How to Become an Air Traffic Controller About this section
As they gain experience, air traffic controllers move to positions in the control room that have more responsibility.
There are several different paths to becoming an air traffic controller. Candidates typically need an associate's or bachelor’s degree through a Federal Aviation Administration (FAA)-approved Air Traffic Collegiate Training Initiative (AT-CTI) program, several years of progressively responsible work experience, or a combination of education and experience.
In addition, prospective air traffic controllers must be U.S. citizens and must pass a medical evaluation, background check, and FAA preemployment tests, including the Air Traffic Controller Specialists Skills Assessment Battery (ATSA). They also must complete a training course at the FAA Academy and apply before the FAA's age cutoff.
Once hired, controllers typically complete on-the-job training that lasts more than 12 months. They also must pass a physical exam each year, a job performance exam twice a year, and periodic drug screenings.
Air traffic controllers typically need an associate's or a bachelor's degree. To qualify with an associate's degree, candidates must complete their studies in an AT-CTI program. A bachelor's degree may be in any field, including transportation, business, or engineering.
The FAA sets guidelines for schools that offer the AT-CTI program. AT-CTI schools offer 2- or 4-year degrees that are designed to prepare students for a career in air traffic control. The curriculum is not standardized, but courses focus on subjects that are fundamental to aviation, including airspace, clearances, chart reading, and federal regulations.
Most newly hired air traffic controllers are trained at the FAA Academy in Oklahoma City. The length of training varies with the candidate’s background. Candidates must apply before the FAA's age cutoff.
After graduating from the Academy, trainees are assigned to an air traffic control facility as developmental controllers until they complete requirements for becoming a certified air traffic controller. Developmental controllers begin their careers by supplying pilots with basic flight data and airport information. They then may advance to positions within the control room that have more responsibility.
With additional training, controllers may switch from one area of specialization to another. For example, a controller may complete training to transfer from working in an en route center to an airport tower.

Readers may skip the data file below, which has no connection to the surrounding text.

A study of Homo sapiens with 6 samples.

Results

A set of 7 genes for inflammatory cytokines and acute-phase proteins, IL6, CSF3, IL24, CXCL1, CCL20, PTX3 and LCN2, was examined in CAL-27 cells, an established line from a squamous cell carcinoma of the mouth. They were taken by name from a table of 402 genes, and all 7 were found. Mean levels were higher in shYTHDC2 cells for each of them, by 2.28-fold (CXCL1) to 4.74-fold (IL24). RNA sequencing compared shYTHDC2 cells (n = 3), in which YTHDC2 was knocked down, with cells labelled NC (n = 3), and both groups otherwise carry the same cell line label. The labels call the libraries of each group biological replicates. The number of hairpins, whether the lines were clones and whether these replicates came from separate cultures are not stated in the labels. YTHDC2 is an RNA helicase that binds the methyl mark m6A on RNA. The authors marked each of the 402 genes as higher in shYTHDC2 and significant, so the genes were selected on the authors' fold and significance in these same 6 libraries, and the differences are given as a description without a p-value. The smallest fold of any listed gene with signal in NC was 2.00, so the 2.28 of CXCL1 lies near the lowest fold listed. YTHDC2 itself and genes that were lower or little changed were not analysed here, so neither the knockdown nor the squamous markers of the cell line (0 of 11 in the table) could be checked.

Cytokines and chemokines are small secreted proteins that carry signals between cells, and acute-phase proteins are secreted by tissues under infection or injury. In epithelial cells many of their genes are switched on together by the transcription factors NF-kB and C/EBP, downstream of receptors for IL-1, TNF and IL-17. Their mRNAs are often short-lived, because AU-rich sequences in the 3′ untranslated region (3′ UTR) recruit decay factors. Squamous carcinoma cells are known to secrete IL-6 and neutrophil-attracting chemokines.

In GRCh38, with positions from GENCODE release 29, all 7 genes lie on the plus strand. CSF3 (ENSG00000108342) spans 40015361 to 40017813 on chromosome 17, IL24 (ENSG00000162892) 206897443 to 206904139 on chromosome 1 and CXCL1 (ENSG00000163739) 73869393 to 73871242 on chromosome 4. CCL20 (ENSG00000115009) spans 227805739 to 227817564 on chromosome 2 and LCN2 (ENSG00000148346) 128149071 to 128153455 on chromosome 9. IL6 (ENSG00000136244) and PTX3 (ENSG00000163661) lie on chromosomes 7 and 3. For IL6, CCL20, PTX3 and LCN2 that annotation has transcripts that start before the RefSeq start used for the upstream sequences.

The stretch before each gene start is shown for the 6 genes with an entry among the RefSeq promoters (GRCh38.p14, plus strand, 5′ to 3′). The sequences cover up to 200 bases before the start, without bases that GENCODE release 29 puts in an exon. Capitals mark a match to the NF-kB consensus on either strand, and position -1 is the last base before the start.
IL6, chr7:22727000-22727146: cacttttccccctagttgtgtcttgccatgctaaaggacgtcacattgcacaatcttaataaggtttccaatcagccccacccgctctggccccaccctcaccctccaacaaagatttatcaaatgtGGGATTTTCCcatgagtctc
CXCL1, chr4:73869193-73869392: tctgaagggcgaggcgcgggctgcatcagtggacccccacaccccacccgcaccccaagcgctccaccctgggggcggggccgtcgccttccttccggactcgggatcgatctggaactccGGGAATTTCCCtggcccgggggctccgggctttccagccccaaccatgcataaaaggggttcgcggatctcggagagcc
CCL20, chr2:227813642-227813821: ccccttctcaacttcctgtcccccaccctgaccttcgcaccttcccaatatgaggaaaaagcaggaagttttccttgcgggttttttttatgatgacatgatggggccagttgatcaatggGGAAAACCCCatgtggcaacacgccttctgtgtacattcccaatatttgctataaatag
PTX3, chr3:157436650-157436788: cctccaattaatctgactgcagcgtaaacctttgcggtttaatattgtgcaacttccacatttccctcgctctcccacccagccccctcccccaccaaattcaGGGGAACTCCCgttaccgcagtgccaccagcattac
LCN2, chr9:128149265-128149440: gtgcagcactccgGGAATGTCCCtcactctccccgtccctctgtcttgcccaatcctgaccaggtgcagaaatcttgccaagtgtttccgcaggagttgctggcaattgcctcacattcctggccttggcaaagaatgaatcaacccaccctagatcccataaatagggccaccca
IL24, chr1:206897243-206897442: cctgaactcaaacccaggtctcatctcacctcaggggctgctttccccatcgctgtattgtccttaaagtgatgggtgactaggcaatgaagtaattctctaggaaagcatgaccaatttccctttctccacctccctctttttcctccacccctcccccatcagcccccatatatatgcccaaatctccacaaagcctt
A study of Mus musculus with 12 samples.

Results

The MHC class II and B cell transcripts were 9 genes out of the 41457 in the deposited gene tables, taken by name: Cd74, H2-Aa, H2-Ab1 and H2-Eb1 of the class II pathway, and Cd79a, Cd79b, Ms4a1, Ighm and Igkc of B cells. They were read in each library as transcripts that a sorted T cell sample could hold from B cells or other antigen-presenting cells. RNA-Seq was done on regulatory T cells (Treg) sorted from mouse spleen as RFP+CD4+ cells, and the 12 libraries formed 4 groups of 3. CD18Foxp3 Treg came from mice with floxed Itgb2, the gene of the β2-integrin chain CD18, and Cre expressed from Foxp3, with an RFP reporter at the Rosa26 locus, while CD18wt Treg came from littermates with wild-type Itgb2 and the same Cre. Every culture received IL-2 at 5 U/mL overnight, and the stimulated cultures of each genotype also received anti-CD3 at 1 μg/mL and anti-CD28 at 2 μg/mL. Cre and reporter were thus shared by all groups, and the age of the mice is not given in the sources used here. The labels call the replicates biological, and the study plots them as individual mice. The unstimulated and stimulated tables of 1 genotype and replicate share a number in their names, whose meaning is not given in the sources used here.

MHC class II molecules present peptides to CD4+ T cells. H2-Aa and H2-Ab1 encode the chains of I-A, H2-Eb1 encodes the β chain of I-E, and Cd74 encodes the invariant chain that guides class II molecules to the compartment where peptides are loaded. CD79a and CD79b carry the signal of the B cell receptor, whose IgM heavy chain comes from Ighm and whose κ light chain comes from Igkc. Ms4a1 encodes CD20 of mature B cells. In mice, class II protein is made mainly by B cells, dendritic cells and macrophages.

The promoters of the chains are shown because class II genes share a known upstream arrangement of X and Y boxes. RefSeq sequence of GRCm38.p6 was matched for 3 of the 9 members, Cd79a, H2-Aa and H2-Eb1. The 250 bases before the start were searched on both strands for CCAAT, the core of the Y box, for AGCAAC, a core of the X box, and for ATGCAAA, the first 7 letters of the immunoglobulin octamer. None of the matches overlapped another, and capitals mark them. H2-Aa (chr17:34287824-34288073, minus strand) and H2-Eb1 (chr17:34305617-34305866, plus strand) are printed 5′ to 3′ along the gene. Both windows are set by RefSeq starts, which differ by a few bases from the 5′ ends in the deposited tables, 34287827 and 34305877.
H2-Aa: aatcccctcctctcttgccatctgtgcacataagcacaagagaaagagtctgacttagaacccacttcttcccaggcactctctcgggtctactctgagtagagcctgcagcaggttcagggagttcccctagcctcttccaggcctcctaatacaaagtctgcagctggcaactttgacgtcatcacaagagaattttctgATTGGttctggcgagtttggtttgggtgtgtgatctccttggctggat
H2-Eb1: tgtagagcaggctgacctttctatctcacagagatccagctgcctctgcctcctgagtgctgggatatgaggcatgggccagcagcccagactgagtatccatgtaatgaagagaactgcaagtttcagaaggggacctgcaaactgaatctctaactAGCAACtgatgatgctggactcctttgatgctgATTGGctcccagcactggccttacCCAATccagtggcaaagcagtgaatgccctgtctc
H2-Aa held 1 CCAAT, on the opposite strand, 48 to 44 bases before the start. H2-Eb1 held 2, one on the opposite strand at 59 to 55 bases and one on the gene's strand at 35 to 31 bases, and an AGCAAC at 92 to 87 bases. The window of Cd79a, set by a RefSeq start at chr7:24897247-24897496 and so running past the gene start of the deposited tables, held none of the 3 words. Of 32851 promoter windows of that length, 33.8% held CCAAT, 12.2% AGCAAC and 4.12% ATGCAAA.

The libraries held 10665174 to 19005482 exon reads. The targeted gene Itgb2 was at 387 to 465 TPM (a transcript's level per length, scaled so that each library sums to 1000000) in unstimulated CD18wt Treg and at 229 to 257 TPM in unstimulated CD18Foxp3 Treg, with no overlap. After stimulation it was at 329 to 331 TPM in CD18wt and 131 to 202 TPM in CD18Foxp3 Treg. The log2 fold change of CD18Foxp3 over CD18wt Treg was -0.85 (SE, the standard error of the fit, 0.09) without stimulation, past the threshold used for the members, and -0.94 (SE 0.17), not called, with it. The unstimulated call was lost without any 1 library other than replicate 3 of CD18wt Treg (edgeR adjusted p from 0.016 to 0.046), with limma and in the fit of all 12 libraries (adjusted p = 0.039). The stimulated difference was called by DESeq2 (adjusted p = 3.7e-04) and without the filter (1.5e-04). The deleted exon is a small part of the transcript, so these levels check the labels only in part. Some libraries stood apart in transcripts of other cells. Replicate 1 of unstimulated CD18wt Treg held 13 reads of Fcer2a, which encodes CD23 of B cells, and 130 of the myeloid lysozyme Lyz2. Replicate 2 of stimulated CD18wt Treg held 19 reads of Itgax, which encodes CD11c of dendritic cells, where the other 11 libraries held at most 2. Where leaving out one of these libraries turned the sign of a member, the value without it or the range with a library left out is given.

Air traffic controllers sometimes qualify through work experience instead of a degree. Candidates either need up to 3 years of progressively responsible generalized work experience that demonstrates the potential for learning and performing air traffic control work or must have specialized work experience in a military or civilian air traffic control facility.
Air traffic controllers who learn their skills in the military are eligible to become civilian air traffic controllers even if their age exceeds the FAA cutoff for applicants.
Licenses, Certifications, and Registrations
All air traffic controllers must hold an Air Traffic Control Tower Operator Certificate or be appropriately qualified and supervised as stated in Title 14 of the Code of Federal Regulations, Part 65.
Communication skills. Air traffic controllers must be able to give clear, concise instructions, listen carefully to pilots’ requests, and respond by speaking clearly in English.
Decision-making skills. Controllers must make quick decisions. For example, when a pilot requests a change of altitude to avoid poor weather, the controller must respond quickly to ensure the aircraft’s safety.
Detail oriented. Controllers must be able to concentrate while multiple conversations occur at once. For example, in a large airport tower, several controllers may be speaking with different pilots at the same time.
Math skills. Controllers must be able to do arithmetic accurately and quickly. They often need to compute speeds, times, and distances, and they recommend heading and altitude changes.
Organizational skills. Controllers must be able to coordinate the actions of multiple flights and to prioritize tasks, because they may be required to guide several pilots at the same time.
Problem-solving skills. Controllers must be able to understand complex situations, review changing circumstances, and provide pilots with appropriate alternatives.
Teamwork. Controllers must be able to work as members of a team, cooperating with and assisting others in and around their area of responsibility.